I-375 is only a mile long and a vibrant Black neighborhood was destroyed to build it

Northern end of I-375 in Detroit
Photo: Wikicommons/Dave Hogg

I don’t know about you, but my Sunday was completely ruined by Twitter (not for the first time). That’s because over the weekend the Young America’s Foundation tweeted this:


(We’re taking today to celebrate Juneteenth, a day on which we celebrate the emancipation of Black people who were held as slaves in the United States. We will be celebrating, but we will also be taking time to reflect on the history and legacy of slavery, as well as the ongoing structural, institutional and systemic anti-Black racism that continues to be a defining characteristic of the United States today.) 

I understand YAF, which calls itself “a conservative youth organization,” was mocking Buttigieg’s words, but it was accidentally right: It’s not parody. Our garbage infrastructure is racist as hell and often built and designed with racism foremost in mind. The more you learn about it, the more you see it everywhere you look. Racism is obvious in the very bones of our country.


Many folks on Twitter pointed to Robert Moses, the subject of The Power Broker: Robert Moses and the Fall of New York by Robert Caro. Moses was the master planner of a series of parkways on Long Island who made sure to build bridges too low for buses to pass under, thereby keeping Black and poor people from enjoying the public beaches.

But this isn’t a problem of the past — it’s one that has shaped and continues to shape our cities. This subject really gets under my skin because I am passionate about two things: infrastructure and my hometown of Detroit, a city decimated by racist infrastructure policies that continue to this day.

Take the formerly vibrant Black neighborhood of Black Bottom that was demolished in the 1950s in order to build I-375. At just a smidge over one mile long, I-375 is the shortest interstate in America. It’s so pointless that there is now a movement in the city to have it demolished and turned into a boulevard and park, but there’s no way to bring back the estimated 350 Black-owned businesses and multitude of homes in the adjacent Black neighborhood Paradise Valley that were razed.

The placement of the five (yes five) other freeways that carve up the city were pointedly planned to clear out “slums,” or Black-owned homes and businesses. The freeways only increased White Flight, turning Detroit into the shell of its former self that stands today — a city of mainly single-family homes for 1.5 million people, now with a population of only 674,000. It also strained the infrastructure and facilities in the outlying areas, which are now overdeveloped suburban neighborhoods. Just look at the concrete jungle surrounded by green that suburban Detroit has become.

Image for article titled What The Shortest Interstate In The U.S. Can Teach Us About Racism In Infrastructure
Screenshot: Google Maps

Where many people get it wrong is believing that racism in infrastructure is in the past. But this isn’t a past problem, racism inherent in our infrastructure continues to this day.


I’ll continue to use my own city as an example: Detroit is the only city in America to have two separate bus systems, one for the city and one for the suburbs. That means a DDOT rider has to get off the bus at the city line and pay again to get on a SMART bus if they want to leave the city; there is no reduced-rate transfer between the two services. SMART buses do occasionally run through the city, but on limited routes meant to run suburb-living office workers straight downtown in the mornings and straight out of downtown in the evenings. It’s also one of the only metro areas that allow suburbs to completely opt out of bus service, cutting off poorer transit riders in an 80 percent Black city from the wealthy, predominately white suburbs. Of course, the vast majority of jobs are also in the suburbs.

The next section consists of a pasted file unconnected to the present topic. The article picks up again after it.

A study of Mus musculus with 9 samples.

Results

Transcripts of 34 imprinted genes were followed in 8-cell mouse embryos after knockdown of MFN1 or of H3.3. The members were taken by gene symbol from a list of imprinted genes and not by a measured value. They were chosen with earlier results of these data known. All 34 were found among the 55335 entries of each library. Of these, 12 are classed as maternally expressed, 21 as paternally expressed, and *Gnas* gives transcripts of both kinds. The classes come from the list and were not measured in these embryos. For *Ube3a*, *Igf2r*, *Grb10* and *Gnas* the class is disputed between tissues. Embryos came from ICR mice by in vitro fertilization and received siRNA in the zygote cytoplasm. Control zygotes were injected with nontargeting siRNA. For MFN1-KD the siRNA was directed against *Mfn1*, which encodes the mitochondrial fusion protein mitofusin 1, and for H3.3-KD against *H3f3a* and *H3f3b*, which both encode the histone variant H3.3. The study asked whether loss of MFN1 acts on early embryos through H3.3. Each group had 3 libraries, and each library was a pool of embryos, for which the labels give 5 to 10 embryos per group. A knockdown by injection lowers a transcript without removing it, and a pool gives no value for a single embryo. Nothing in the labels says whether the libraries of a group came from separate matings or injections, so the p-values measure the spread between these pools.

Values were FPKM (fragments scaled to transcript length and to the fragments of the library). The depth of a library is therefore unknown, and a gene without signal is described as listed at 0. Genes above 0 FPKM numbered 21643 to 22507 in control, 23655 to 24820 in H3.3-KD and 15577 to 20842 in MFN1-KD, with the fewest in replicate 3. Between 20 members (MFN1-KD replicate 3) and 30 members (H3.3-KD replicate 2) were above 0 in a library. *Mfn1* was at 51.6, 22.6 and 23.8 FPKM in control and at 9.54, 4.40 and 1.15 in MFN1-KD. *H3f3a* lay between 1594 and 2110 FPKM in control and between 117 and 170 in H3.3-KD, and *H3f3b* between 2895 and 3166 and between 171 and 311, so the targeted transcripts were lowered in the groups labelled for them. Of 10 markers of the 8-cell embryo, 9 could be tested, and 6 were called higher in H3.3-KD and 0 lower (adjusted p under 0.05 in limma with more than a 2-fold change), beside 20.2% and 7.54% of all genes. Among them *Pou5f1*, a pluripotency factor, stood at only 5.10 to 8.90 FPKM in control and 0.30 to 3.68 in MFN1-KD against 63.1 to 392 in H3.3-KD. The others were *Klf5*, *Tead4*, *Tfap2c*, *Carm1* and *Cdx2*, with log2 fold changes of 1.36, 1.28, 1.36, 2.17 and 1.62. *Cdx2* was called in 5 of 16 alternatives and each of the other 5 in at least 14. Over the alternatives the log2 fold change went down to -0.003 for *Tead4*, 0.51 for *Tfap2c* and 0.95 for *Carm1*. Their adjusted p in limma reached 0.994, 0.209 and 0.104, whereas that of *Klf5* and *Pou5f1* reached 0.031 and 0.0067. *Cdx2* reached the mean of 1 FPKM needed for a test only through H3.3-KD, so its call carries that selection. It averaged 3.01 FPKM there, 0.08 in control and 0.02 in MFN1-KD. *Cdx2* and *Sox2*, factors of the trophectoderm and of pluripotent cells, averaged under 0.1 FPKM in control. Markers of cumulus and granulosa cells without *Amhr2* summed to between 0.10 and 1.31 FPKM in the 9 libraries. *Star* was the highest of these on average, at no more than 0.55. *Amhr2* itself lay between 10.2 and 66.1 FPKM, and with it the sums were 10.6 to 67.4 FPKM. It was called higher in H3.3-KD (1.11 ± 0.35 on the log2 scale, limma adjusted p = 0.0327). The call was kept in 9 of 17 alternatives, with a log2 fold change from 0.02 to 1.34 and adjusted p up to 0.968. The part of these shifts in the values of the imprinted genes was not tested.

A promised revitalization zone in midtown Detroit (which Detroiters paid dearly for in the form of tax breaks for the multibillionaire Ilitch family) turned into nothing but acres of parking lots, serving statistically white suburbanites who use the freeways to attend concerts or sporting events and then flee back over the 8 Mile Road dividing line. It’s White Flight, 2021 style. Christopher Ilitch told the Detroit Free Press that this was very much intentional:

He also defended the expanse of surface parking lots along Cass that critics say should be developed as new housing and retail. Those parking lots are owned by the Ilitch organization and produce significant revenue.

“The District Detroit is home to four major pro sports teams and many theaters,” he said, including Ford Field and Comerica Park with LCA. “We have millions of guests traveling into this area each and every year in automobiles. We don’t have mass transit in our city. ... Where’s everybody supposed to park?”


Folks were supposed to move back into the city, drawn by a vibrant entertainment district and revitalized apartment buildings and condos the Ilitch family promised. Instead, city residents now have to put up with periodic traffic jams and parking lots that are empty most of the time taking up their neighborhoods. Ask any urban planner: parking lots are a cancer in communities.

This is just one example of how racism continues to shape a single city’s infrastructure and affect the very lives of everyone inside and outside of the city. You never want to make general statement in journalism, but this is one I feel confident in stating: In every American city, there’s a tale equally heartbreaking and infuriating about non-white people being displaced or manipulated by infrastructure.